Protecting rights of migrants is mandate of ILO and Trade Unions

By Daniel Bakalangudde.

Since migrants work in precarious conditions, it’s the mandate of both International Labour Organization (ILO) and trade unions to safeguard themselves of any kind of abuse.

The Assistant Director-General and Regional Director, ILO ROAF, Ms Cynthia Samuel Olonjuwon made the remarks during a two-day Inter-Regional Forum on promoting Union to Union Agreements between Trade Unions Organizations in East Africa and the Arab States.  This was aimed  at the protection of Migrant workers from the East Africa  during a Zoom  conference held at Eureka Place hotel in Ntinda.

Cynthia said that International Labour Organization (ILO) has been working hard to achieve equality of work for the migrant workers. She added that ILO is working to enhance capacity to promote the welfare of migrant workers’ rights in Africa. She said:” We  continue to protect the rights of migrant workers”.

 ILO is working to enhance capacity of promoting welfare of migrant workers’ rights in Africa.  A total of 2.4m of migrant who migrate to Arab states for economy and domestic reasons are women.  These are the women who experience abuses, forced labour and human trafficking.  Trade unions have a role to defend the freedom of migrant workers and need to promote legal standards to ensure the rights of migrant workers are respected. 

Union to union collaborations are very  key and can go a long way in ensuring that the rights of migrant workers are protected. This meeting will identify in Arusha Agreement- decline to strengthen the institutions through the promotion of fair and effectiveness  that can be achieved through dialogue.

ILO has already delivered on its mandate and continues to protect the rights of migrant workers.

 She commended the trade unions for protecting the migrant workers. This is an important area of ILO in the context with Africa and is in Abidjan declaration.

Sophia Kagan, Chief Technical Advisor, Fairway, ILO-ROAS said  they represented a study on improving protection of Africa migrant workers in the Arab states. Trade union collaborations.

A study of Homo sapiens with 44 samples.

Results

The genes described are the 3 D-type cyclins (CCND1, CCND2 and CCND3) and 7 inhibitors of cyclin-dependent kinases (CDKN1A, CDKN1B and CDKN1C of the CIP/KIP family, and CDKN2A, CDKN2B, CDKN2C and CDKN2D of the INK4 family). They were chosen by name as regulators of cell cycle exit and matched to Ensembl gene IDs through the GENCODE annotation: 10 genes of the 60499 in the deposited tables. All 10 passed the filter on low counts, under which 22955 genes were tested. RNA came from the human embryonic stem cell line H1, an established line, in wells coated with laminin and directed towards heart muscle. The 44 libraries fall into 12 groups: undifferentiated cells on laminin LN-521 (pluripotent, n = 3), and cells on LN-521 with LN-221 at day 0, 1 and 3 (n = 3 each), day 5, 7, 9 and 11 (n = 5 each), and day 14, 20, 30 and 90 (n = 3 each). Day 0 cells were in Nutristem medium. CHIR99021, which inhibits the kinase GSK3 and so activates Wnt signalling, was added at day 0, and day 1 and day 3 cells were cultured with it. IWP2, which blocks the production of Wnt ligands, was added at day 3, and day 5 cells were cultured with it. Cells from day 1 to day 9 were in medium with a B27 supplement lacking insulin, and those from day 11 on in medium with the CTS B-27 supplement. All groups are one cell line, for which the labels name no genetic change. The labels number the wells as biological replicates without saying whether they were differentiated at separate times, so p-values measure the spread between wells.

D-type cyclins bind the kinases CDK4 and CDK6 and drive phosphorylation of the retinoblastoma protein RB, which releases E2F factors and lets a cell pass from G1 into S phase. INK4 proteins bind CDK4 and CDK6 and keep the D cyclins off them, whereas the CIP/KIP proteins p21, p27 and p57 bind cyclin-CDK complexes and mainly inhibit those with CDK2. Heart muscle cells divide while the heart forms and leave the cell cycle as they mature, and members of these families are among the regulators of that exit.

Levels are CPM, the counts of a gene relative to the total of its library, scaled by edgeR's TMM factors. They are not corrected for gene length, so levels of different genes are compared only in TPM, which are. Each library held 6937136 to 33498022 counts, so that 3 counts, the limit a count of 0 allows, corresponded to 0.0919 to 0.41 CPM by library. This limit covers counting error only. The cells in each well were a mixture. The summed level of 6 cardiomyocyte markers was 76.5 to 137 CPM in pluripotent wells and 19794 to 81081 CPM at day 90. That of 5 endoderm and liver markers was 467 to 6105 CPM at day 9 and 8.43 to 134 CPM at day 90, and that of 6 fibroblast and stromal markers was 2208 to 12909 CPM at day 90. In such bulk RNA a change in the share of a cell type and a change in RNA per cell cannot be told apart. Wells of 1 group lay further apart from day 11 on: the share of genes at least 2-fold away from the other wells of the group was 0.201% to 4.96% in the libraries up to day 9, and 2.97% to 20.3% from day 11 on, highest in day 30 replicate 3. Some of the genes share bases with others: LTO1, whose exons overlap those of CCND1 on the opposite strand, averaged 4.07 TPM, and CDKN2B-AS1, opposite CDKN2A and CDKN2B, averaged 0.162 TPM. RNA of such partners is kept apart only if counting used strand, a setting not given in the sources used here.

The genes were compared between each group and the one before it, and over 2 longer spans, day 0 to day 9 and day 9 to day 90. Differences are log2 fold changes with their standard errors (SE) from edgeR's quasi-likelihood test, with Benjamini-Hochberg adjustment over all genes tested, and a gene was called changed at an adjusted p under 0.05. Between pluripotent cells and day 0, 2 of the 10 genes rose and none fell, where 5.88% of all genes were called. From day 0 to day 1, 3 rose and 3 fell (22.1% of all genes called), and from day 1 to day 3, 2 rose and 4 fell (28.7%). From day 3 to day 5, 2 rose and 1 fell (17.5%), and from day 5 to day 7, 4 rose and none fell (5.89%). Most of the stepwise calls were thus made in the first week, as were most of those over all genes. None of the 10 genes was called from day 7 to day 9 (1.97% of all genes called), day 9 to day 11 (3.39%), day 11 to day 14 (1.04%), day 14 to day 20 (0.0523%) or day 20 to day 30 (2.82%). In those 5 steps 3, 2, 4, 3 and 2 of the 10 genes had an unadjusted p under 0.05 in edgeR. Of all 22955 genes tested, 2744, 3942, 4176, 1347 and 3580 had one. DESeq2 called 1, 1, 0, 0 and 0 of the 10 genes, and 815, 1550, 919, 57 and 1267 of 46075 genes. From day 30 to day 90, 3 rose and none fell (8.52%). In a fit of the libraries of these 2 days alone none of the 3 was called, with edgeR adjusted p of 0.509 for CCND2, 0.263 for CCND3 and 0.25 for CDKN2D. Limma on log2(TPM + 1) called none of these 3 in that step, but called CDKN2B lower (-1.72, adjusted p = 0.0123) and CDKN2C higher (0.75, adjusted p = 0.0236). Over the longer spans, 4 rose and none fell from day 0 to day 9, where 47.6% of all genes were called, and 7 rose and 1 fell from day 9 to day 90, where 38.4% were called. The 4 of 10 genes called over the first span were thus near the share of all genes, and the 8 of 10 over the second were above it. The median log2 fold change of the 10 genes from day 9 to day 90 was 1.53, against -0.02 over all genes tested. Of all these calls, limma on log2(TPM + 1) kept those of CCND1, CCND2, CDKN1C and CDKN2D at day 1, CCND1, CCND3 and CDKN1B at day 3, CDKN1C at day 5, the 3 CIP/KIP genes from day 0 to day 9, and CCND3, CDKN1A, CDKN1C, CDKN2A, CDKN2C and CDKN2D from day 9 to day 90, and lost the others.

According to ILO global it estimates 24.1m persons in 2019 representing 14 percent of all migrant workers wide world. 

The high proportion of the labour force, in the region has the highest share of migrant workers as a proportion of total workforce.  Majority of the migrant  workers are women and they are the ones doing domestic worker, 99 percent are Ugandan migrants.

Ms Sophia said that the challenges include; hardship to navigate dispute resolutions channels and lack of effective inspections means that migrants have to rely on embassy support, or humanitarian assistance from the diaspora which may not be available for all African migrants,  and lack of freedom of association among others.

 There are many examples of the ways in which trade unions  from origin and destination countries have collaborated with each other to support migrant workers, including informal or adhoc collaborations on specific issues or cases which arise , as well as formal collaboration through MOUs .

There are a number of challenges preventing effective implementation of MOUs that is important to learn from first  and past experiences. The challenges include language barriers, financial constraints, gender barriers for women. In nutshell, MOUs between trade unions are not effective as expected to improve.

Majority of them are women and they are the ones doing domestic workers, 99 percent are Ugandan migrants who are doing domestic work■

About the Author.

The Author is a journlist, social critic and a human rights activist.